Join Date
    Oct 2014
    Posts
    156
    "certainly illustrates the diversity of the word",from Boondock saints.



    https://www.youtube.com/watch?v=pDWzGm1W0WY

  2. #12
    Join Date
    Sep 2010
    Posts
    13

    Default Some are held to a different standard...

    My son is 11B "Old Guard" and a Sentinel at the Tomb of the Unknown Soldier. He has pledged to not swear, smoke or drink and is held to standard of honor above reproach.

    He indicates that is a lifestyle quite different than his time at Ft. Benning.

    He considers it to be a sacred duty and he never swears.

    I on the other hand consider myself an expert.



    My dedication to this sacred duty
    is total and whole-hearted.
    In the responsibility bestowed on me
    never will I falter.
    And with dignity and perseverance
    my standard will remain perfection.
    Through the years of diligence and praise
    and the discomfort of the elements,
    I will walk my tour in humble reverence
    to the best of my ability.
    It is he who commands the respect I protect,
    his bravery that made us so proud.
    Surrounded by well meaning crowds by day,
    alone in the thoughtful peace of night,
    this soldier will in honored glory rest
    under my eternal vigilance.
    - Simon 1971
    Last edited by yrusik; 07-31-2018 at 06:31 AM.

  3. #13
    Join Date
    Sep 2016
    Posts
    195
    The old guard is probably the most militarily professional unit in the armed forces.

    They embody, personify really, the phrase 'military bearing'. As their job is one of the highest degree of honor and respect possible for a soldier to attain, yes, he is right.

    There is no place for swearing or foul language in the old guard.

    I personally am of the opinion that it is far better and a sign of greater intelligence to be able to express oneself completely and accurately without so much as a 'freaking' word being used.

    I have a ways to go, but I dont think swearing is a sign of toughness, intellect, or bravery in any case. In fact, people who swear overly frequently, I have a hard time taking seriously.

    I have sworn, for example, over the phone when others were listening I wasnt aware were there, and felt quite embarrassed afterward.

    I doubt swearing in a fight will take you to super saiyan levels.

  4. #14
    Join Date
    May 2000
    Location
    The Republic of Pirates
    Posts
    43,728
    Overly frequently is the key.
    Gabe Suarez

    Turning Lambs into Lions Since 1995

    Suarez International USA Headquarters

  5. #15
    Join Date
    Sep 2010
    Posts
    13
    "The old guard is probably the most militarily professional unit in the armed forces.

    They embody, personify really, the phrase 'military bearing'. As their job is one of the highest degree of honor and respect possible for a soldier to attain, yes, he is right.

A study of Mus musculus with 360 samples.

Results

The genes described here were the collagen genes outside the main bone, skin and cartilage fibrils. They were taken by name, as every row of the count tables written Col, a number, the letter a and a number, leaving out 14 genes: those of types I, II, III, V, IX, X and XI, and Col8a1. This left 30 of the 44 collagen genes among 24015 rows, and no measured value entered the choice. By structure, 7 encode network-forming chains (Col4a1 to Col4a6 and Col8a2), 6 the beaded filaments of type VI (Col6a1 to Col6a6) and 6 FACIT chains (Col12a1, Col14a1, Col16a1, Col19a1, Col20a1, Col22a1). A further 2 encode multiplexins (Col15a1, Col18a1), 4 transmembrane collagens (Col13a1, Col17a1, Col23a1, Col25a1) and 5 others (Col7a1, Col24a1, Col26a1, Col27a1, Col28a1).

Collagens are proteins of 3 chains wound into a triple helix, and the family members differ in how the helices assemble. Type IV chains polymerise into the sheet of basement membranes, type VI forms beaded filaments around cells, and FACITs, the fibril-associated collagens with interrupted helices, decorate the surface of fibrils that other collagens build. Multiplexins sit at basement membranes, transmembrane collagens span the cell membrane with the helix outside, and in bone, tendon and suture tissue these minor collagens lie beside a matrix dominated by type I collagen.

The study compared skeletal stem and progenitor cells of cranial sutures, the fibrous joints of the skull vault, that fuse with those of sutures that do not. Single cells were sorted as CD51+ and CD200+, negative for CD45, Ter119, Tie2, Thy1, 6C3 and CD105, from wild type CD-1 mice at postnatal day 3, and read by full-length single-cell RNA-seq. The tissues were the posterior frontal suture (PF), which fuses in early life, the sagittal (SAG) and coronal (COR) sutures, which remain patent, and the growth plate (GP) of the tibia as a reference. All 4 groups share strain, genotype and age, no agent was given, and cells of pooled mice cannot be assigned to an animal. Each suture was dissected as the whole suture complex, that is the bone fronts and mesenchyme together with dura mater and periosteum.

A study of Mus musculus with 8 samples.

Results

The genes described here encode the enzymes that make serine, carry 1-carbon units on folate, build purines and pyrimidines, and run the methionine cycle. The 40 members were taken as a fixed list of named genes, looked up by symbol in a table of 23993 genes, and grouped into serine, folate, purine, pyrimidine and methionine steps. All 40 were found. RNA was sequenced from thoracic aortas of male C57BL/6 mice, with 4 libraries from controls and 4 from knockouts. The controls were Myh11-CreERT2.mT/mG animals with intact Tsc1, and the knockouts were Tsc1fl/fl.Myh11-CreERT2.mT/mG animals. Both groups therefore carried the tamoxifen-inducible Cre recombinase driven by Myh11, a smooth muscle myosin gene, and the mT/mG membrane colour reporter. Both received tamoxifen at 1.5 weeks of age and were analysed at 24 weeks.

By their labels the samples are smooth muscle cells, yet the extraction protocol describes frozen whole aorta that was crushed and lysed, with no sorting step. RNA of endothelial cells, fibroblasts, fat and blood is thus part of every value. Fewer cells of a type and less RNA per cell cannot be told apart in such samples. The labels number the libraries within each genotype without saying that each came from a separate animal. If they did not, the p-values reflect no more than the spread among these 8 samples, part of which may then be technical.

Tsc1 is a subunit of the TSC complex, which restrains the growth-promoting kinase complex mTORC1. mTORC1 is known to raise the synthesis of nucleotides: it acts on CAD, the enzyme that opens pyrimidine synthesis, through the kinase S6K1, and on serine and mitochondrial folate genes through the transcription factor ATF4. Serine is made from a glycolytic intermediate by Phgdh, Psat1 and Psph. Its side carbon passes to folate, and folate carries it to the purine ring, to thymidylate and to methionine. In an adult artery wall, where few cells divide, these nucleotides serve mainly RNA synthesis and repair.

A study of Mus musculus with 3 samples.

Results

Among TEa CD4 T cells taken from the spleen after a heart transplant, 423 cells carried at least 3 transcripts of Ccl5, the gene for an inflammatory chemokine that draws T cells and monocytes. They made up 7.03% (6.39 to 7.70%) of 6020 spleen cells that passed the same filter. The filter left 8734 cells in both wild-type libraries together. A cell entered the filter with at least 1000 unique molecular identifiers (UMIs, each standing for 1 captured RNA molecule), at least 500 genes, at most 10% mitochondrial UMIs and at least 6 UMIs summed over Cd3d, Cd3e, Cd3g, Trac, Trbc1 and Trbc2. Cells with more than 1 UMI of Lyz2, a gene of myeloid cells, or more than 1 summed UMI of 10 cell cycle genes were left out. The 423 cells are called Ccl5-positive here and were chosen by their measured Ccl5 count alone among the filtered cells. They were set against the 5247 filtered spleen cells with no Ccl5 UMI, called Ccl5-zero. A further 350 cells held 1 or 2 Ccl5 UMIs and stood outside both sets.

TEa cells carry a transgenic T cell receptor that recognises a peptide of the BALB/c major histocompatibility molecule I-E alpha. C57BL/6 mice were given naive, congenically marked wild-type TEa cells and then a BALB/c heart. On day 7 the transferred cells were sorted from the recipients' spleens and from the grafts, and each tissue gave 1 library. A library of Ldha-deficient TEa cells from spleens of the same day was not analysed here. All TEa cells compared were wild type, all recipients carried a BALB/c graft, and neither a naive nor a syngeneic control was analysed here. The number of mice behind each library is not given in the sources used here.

There is no place for swearing or foul language in the old guard."

    Thanks you.

    Most have no idea what the 3IR is and I appreciate your kind comments. It is a different world inside the "Old Guard" that goes beyond pledging to never drink, smoke or swear.

    This boy has been driven to be "Old Guard" since he was 10 years old when his elder sister was killed. Who knew? America has a really big ARMY and in the last 100 years there have only been around 600 Tomb Guards and as testament to his character he now lives in Arlington. He walked away from a full ride ROTC scholarship to enlist as 11B so he would have a shot at 3IR "Old Guard". He know what he wanted. Pretty ballsy...

    "Sacred duty".

    His uniform is required to be maintained with insignia within 1/64" at all times and is inspected regularly. The Sentinels are allowed to have 3 minor infractions (off a 1/64"). In 100 years there has never been a perfect score and 97% is failing. Just a different kind of life for driven and tough young men. They are also Infantry soldiers and not only must they maintain their duty at the "Tomb" but must also maintain their status as "Expert Infantryman".

    You must admit that they are beautiful soldiers and national treasures.

    It is fascinating as a parent to watch your children grow and flourish in the choices in their short lives based on their personal experiences. Mine have always surprised me with their courage and drive. They have all chosen the military as a way to start their adventures and have turned out OK in spite of me.

    Some may remember that grim day in September 2010 when I returned home from a Close Range Handgun class to find that my beloved daughter who was a US ARMY LT in a combat aviation brigade had been killed. Frankly, the support offered by Warrior Talk helped us survive this event.

    Clearly it affected all of her siblings.

    http://www.warriortalk.com/showthrea...87#post1020587

    The boy's 19 year old twin sister is now Dust Off crew off the North Korean border who considers fast roping out of a BlackHawk with a M9 and Unit One Pack as the high point of her day. She has the same Mensa IQ, nerves of steel and heart of gold her elder sister did.

    FYI she swears like a damn sailor and is working on a full sleeve. Her mother does not like it at all.

    Pardon me for bragging.

    Cheers,
    Last edited by yrusik; 07-31-2018 at 02:46 PM.